Blocking v. Nonblocking I/O
From the programmer’s point of view, I/O system calls exhibit one of three kinds of behaviour:
1. Blocking: process suspended until I/O completed
• easy to use and understand.
• insufficient for some needs.
2. Nonblocking: I/O call returns as much as available
• returns almost immediately with count of bytes read or written (possibly 0).
• can be used by e.g. user interface code.
• essentially application-level “polled I/O”.
3. Asynchronous: process continues to run while I/O executes
• I/O subsystem explicitly signals process when its I/O request has completed.
• most flexible (and potentially efficient).
• . . . but also most difficult to use.
Most systems provide both blocking and non-blocking I/O interfaces; modern s systems(e.g. NT, Linux) also support asynchronous I/O, but used Infrequently.
Other I/O Issues
• Caching: fast memory holding copy of data
– can work with both reads and writes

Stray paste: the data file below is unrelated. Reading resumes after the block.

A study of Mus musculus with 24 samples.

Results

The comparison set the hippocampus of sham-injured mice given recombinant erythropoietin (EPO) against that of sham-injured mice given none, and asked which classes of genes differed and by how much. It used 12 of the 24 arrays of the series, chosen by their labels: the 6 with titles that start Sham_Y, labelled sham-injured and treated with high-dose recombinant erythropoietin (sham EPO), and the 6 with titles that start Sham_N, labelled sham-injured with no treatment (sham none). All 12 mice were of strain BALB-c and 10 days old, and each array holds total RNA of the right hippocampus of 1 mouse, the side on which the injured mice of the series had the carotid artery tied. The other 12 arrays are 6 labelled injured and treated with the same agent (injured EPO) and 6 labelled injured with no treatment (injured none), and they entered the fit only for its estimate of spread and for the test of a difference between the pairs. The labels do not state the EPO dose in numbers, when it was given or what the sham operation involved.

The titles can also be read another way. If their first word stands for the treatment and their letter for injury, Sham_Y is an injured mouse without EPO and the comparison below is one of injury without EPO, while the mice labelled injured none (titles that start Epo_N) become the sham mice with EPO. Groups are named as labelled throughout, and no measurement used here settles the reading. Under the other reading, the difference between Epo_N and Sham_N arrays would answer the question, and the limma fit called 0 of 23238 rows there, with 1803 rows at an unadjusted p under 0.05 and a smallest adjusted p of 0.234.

– key to I/O performance
– e.g. ordering I/O requests via per-device queue
– some operating systems try fairness. . .
• Spooling: queue output for a device
– useful for “single user” devices which can serve only one request at a time (e.g. printer)
• Device reservation:
– system calls for acquiring or releasing exclusive access to a device (careful!).
• Error handling:
– e.g. recover from disk read, device unavailable, transient write failures, etc.
– most I/O system calls return an error number or code when an I/O request fails.
– system error logs hold problem reports.